Saturday, 28 November 2020

B4RK looking to take a bite out of Kentish FTTP market

by Harry Baldock, Total Telecom
Monday 26 October 20

A new broadband provider called Broadband for Rural Kent (B4RK) is being launched, modelled on the success of Broadband for the Rural North (B4RN)

According to reports, a new internet service provider (ISP) is soon to join the broadband market in Kent, aiming to provide affordable broadband to the some of the small, rural communities that are otherwise being left behind by larger operators.   The company will initially be targetting 659 properties in the villages of Boughton…

According to reports, a new internet service provider (ISP) is soon to join the broadband market in Kent, aiming to provide affordable broadband to the some of the small, rural communities that are otherwise being left behind by larger operators.
 
The company will initially be targetting 659 properties in the villages of Boughton-under-Blean and Selling, communities where most customers are unable to reach speeds of over 30 Mbps. The rollout will be part-funded by the communities themselves, while it is also hoped that the project will benefit from the government’s rural gigabit voucher scheme.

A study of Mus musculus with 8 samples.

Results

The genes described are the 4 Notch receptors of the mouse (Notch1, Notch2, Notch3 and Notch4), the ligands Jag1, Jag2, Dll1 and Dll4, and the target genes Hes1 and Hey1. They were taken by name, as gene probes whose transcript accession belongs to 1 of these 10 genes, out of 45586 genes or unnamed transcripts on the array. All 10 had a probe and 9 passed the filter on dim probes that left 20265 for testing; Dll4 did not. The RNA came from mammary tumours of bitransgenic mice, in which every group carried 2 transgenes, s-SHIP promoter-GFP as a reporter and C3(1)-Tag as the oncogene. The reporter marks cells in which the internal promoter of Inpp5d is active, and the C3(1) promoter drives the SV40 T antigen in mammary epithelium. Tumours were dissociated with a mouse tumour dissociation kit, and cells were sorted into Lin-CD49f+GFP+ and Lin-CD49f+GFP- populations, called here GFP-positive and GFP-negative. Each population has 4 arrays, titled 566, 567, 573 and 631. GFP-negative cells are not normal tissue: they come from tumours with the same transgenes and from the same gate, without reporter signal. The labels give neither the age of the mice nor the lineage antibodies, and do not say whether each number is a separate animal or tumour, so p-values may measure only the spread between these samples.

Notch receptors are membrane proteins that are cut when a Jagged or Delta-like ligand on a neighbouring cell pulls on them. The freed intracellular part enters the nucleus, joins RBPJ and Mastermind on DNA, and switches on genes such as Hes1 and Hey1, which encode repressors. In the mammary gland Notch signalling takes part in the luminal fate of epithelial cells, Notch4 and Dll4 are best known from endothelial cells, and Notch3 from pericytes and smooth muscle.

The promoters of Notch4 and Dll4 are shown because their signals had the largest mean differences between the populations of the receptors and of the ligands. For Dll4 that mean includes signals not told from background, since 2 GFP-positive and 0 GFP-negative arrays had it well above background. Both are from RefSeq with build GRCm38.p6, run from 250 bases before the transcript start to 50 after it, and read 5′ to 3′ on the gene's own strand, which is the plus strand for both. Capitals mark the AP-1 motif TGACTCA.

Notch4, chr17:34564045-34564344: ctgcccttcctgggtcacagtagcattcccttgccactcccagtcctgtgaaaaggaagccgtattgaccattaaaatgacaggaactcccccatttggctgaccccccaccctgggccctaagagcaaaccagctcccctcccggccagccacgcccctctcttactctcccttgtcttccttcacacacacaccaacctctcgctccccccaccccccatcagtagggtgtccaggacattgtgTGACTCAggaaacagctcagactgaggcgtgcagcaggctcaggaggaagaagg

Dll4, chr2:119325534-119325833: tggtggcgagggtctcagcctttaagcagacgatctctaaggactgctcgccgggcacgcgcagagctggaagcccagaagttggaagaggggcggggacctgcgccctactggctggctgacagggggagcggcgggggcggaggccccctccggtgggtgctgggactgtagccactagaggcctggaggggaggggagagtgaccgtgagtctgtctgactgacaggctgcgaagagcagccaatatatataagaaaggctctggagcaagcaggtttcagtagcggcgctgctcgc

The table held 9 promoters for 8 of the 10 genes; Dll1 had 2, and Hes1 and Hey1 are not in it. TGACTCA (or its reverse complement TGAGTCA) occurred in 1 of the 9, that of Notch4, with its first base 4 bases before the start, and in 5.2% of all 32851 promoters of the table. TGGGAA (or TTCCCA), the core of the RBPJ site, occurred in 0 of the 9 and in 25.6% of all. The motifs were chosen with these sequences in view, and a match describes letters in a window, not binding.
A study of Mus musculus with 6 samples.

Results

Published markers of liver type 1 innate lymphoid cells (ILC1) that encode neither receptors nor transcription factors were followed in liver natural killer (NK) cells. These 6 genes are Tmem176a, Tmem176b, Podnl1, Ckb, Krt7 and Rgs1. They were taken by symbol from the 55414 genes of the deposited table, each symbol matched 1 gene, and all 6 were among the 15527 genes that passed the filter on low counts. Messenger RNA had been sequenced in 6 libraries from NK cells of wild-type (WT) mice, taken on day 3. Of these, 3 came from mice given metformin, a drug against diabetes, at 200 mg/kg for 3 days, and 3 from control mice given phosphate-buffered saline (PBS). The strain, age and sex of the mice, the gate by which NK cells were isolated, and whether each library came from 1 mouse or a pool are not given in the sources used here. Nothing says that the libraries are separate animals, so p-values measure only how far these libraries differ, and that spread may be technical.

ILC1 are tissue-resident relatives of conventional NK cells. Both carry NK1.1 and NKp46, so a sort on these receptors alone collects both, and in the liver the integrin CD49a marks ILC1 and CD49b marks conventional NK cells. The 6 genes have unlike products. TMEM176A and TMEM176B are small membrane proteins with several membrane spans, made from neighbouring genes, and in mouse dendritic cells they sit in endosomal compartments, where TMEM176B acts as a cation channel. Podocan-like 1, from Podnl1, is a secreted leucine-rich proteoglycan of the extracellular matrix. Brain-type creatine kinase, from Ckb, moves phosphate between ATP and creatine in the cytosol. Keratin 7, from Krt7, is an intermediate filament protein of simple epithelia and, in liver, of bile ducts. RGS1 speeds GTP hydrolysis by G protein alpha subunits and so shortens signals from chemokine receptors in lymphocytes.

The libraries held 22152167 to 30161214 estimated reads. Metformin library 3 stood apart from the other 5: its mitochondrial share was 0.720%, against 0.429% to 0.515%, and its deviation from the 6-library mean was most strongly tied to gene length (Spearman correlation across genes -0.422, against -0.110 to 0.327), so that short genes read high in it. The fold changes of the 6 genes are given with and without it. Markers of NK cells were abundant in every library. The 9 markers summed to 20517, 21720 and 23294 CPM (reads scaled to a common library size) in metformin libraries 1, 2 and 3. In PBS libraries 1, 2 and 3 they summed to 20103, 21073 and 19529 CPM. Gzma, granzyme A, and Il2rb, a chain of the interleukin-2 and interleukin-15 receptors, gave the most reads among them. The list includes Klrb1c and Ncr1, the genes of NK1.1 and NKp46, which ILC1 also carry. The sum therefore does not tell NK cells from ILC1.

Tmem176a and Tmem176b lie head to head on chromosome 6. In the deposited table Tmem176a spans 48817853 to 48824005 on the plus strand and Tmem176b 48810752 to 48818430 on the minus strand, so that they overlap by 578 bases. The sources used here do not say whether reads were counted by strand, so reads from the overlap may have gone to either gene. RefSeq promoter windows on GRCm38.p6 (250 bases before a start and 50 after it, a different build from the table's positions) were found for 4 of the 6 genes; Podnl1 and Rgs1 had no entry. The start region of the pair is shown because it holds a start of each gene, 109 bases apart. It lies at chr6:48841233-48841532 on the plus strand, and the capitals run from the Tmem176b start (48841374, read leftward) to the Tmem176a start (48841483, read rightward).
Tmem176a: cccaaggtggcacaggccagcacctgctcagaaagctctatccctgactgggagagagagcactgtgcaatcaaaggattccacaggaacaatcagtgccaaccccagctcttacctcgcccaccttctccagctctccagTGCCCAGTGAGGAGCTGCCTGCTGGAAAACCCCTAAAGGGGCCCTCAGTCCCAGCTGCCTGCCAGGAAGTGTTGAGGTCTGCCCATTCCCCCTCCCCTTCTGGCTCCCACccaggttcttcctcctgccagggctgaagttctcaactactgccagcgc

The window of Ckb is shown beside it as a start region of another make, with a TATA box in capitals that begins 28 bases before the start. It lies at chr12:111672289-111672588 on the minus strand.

B4RK is taking its cues from the successful UK altnet B4RN, a broadband provider founded almost a decade ago to help provide rural communities with connectivity across the North of England. 
 
But the origin story of B4RK does not seem to be one of imitation so much as necessity. Last year, B4RK founder Tim Higgs launched a small Fixed Wireless Access (FWA) network to serve a handful of his own family and neighbouring community, after Openreach quoted them around £230,000 to deploy FTTP in the area. Naturally, this was untenable for the small community and thus inspiring Higgs to initially create the FWA network and now launch his own FTTP network.
 
Openreach has recently been criticised for the high-costs it has quoted rural communities for deploying fixed broadband, with Ofcom launching a probe to investigate whether these charges have been unnecessarily inflated. If these charges continue to price out rural communities, legally or otherwise, not only will Ofcom be expected to intervene in some form or another, but we could see the rise of more altnets like B4RK stepping in to fill the gap. 
 
While it is no small feat to launch your own broadband network, especially in the current economic climate, for many rural communities such developments could be their only viable option.